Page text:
Key Text: Stick Fighting, Dominica, West Indies, 1779

This primary source looks at this image’s relationship to dance, carnival, rebellion, diaspora, and resistance throught its empahsis on the insider versus outsider perspective

Born in Rome, Italy in 1730, Agostino Brunias was a painter. Brunias always had a passion for art and painted a series of images representing West Indian art, such as the “stick fighting” (published in 1779). 

Stick fighting is a dance ritual that resembles a form of martial arts involving the use of sticks, oftentimes performed during Cannes Brulees (Elder 1998). Stick fighting was not done as a means of passing time, but rather as a physical act of resistance to release feelings of anger, sadness, and annoyance (Hollis 1998). The songs and chants that accompany this dance were inherently rebellious, shown through its loudness and desire to be heard.

Caption: This is a sketch of the Kalinda Dance by Russel Archer featured in Hollis Liverpool’s “Origins of Rituals and Customs in the Trinidad Carnival: African or European?" 
Citation: Liverpool, Hollis Urban. "Origins of Rituals and Customs in the Trinidad Carnival: African or European?" TDR, no. 3 (1998): 24-37.

Europeans, especially artists like Brunais, quite often thought that enslaved people were simple-minded making them seem incapable of rational thought. So these Europeans would look at dance and other parts of their culture and think that they were incapable of designing something with complex meaning. In this image, all of the enslaved people pictured are looking in varying directions, giving the image no sense of focus. The men participating in the ritual are centered looking at each other with their bodies bent towards each other. On the left, the spectators observe the stick fighters while on the right, the spectators are gazing beyond what is in view. The varying directions of the gazes create a sense that the image lacks a focal point and ultimately depicts stick fighting, itself, as having little ability to captivate a spectator’s attention.

Caption: “Stick fighting, Dominica, West Indies, 1779” is an image of enslaved people in Dominica partaking in the ritual of stick fighting, a dance that is representative of rebellion.


In this depiction, Brunias takes power away from the significance of the ritual, because he sees himself as an audience member and the ritual as a form of performance for the sake of entertainment. Brunias was unable to recognize the cultural significance of stick fighting focusing his depiction instead on positioning the stick fighters outside of the direct focus of the viewer. Because of Brunias’s inability to understand dance, the rebellion is successful, as performance (alongside other oral traditions that go unnoticed by colonizers) illustrates how enslaved people are able to communicate rebellion to each other. In Brunias’s depiction, he purposely draws attention away from the high level of focus both men partaking in the dance carry. He uses the eye movement of the spectator to gain power over the enslaved. This portrayal of stick fighting shows how the colonizer's self-absorbed nature and lack of access to Carnival allowed enslaved people to openly practice rituals of rebellion in front of colonial powers.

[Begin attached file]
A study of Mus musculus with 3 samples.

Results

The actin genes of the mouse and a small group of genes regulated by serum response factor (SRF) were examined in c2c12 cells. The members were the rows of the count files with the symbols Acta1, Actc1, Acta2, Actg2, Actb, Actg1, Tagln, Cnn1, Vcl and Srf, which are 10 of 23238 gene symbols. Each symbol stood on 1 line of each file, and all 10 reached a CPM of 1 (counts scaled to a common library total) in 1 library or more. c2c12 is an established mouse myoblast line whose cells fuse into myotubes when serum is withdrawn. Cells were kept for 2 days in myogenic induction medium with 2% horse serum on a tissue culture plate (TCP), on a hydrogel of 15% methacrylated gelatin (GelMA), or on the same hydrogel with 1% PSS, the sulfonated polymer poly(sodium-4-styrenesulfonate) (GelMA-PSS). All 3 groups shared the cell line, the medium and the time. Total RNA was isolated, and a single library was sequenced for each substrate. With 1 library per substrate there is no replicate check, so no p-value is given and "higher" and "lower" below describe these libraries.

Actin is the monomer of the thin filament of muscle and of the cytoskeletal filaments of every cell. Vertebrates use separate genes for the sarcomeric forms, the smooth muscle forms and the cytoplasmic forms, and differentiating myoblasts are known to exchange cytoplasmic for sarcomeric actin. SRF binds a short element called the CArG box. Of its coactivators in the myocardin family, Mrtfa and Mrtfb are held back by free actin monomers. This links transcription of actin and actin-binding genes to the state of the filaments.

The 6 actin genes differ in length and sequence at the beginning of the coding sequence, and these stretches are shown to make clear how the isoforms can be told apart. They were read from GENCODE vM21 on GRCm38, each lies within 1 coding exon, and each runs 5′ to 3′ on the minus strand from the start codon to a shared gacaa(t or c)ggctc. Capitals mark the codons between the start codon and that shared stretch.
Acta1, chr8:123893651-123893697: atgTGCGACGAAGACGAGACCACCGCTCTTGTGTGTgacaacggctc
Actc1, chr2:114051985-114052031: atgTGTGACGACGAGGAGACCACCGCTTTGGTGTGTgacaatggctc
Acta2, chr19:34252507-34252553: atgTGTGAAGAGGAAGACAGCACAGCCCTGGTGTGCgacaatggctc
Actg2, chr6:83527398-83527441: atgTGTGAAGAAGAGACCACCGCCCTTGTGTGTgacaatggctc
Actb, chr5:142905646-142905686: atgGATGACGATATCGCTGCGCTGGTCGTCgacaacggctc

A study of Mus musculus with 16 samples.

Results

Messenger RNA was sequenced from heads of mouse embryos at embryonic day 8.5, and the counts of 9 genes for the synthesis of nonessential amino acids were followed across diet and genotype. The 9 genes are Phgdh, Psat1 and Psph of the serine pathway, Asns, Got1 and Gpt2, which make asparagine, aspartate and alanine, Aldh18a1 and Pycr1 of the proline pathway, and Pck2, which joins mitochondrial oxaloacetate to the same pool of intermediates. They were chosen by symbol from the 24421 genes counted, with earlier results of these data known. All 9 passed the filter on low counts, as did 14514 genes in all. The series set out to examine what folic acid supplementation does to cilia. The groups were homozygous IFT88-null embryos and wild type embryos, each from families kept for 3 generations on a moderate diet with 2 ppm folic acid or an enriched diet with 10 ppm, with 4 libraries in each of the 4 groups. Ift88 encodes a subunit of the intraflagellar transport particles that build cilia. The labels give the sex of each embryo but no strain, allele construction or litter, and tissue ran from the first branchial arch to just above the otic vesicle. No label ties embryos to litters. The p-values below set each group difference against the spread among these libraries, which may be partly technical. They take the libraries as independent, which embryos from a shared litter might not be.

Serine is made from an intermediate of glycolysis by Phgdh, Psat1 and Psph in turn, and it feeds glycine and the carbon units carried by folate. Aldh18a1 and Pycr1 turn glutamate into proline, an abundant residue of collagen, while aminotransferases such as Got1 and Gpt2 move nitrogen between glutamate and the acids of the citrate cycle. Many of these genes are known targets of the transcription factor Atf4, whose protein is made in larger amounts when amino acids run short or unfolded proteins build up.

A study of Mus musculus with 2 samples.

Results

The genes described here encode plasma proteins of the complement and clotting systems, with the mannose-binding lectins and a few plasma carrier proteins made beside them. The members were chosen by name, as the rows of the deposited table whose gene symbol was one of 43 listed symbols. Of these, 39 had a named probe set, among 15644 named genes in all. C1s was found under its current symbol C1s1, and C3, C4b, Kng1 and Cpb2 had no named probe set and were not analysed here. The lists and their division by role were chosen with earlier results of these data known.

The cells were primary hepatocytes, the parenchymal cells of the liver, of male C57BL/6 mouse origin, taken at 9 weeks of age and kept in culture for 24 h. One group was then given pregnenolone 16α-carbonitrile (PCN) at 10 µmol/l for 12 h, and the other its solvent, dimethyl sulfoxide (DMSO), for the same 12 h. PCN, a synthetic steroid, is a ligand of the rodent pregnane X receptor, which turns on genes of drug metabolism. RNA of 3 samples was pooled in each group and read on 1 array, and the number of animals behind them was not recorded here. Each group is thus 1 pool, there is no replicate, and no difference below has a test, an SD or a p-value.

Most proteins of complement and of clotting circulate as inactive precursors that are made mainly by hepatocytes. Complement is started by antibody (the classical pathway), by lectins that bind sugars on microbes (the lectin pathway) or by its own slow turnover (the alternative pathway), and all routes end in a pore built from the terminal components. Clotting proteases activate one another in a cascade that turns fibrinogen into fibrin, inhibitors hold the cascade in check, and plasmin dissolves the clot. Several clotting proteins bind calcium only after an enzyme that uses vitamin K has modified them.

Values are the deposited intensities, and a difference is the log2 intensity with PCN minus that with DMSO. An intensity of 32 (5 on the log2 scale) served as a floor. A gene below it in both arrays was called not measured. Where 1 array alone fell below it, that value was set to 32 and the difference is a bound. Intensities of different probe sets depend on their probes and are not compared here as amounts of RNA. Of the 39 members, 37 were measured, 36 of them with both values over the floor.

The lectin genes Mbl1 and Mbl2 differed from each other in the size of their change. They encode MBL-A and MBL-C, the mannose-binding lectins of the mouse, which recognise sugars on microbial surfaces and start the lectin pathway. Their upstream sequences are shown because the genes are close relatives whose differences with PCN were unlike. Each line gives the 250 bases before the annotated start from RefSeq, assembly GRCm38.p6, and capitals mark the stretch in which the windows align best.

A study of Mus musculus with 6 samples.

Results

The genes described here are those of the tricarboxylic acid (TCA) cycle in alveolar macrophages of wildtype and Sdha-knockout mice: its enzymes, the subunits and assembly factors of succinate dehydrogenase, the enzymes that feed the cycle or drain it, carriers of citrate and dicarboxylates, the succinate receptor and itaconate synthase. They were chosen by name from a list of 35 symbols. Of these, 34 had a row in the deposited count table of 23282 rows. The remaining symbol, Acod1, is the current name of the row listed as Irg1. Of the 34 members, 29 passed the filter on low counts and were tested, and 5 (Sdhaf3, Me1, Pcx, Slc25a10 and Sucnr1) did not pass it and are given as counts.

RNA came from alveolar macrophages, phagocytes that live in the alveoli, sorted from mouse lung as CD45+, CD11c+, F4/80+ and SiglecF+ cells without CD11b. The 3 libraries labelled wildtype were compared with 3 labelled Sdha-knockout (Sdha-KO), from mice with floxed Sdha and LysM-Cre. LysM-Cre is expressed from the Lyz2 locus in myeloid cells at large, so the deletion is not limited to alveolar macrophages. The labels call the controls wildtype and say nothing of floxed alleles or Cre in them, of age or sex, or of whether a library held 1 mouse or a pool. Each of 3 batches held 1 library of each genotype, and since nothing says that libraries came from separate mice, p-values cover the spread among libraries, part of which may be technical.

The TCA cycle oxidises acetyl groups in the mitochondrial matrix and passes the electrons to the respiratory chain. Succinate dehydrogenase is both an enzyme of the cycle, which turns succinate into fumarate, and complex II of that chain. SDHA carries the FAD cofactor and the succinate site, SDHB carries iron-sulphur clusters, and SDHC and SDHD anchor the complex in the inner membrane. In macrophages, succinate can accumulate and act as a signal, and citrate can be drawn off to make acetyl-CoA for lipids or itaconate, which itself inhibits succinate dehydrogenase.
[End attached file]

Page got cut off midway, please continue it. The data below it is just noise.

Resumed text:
Despite the image being heavily romanticized, these images are still helpful to look at when exploring traditions of resistance and the significance of oral traditions in the Caribbean. There are different genres of oral traditions and because of the performative nature of dance, using a visual may better allow us to visualize and understand the movement and collectivism associated with dance. These depictions are some of the only historical records left  that give people an idea of the type of rituals that would occur in the Caribbean as well as illustrate how enslaved people were able to hide their resistance in plain sight. This image is also unique, as it was not taken of the dance occurring in Trinidad but Dominica instead. Yet it is still useful for us to look at because this image illustrates rituals that took place all over the Caribbean. This dance was just called a different name in each region, for example, in Dominica, this dance was referred to as stick fighting whereas in Jamaica this dance was known as stick licking, and in Trinidad, the dance was called the Kalinda (Slavery Image Depiction). 



Works Cited:

Elder, J. D. "Cannes Brûlées." TDR, no. 3 (1998): 38-43.

"Stick Fighting, Dominica, West Indies, 1779 ", Slavery Images: A Visual Record of the African Slave 

Trade and Slave Life in the Early African Diaspora 


Images Cited:

Liverpool, Hollis Urban. "Origins of Rituals and Customs in the Trinidad Carnival: African or 

European?" TDR, no. 3 (1998): 24-37.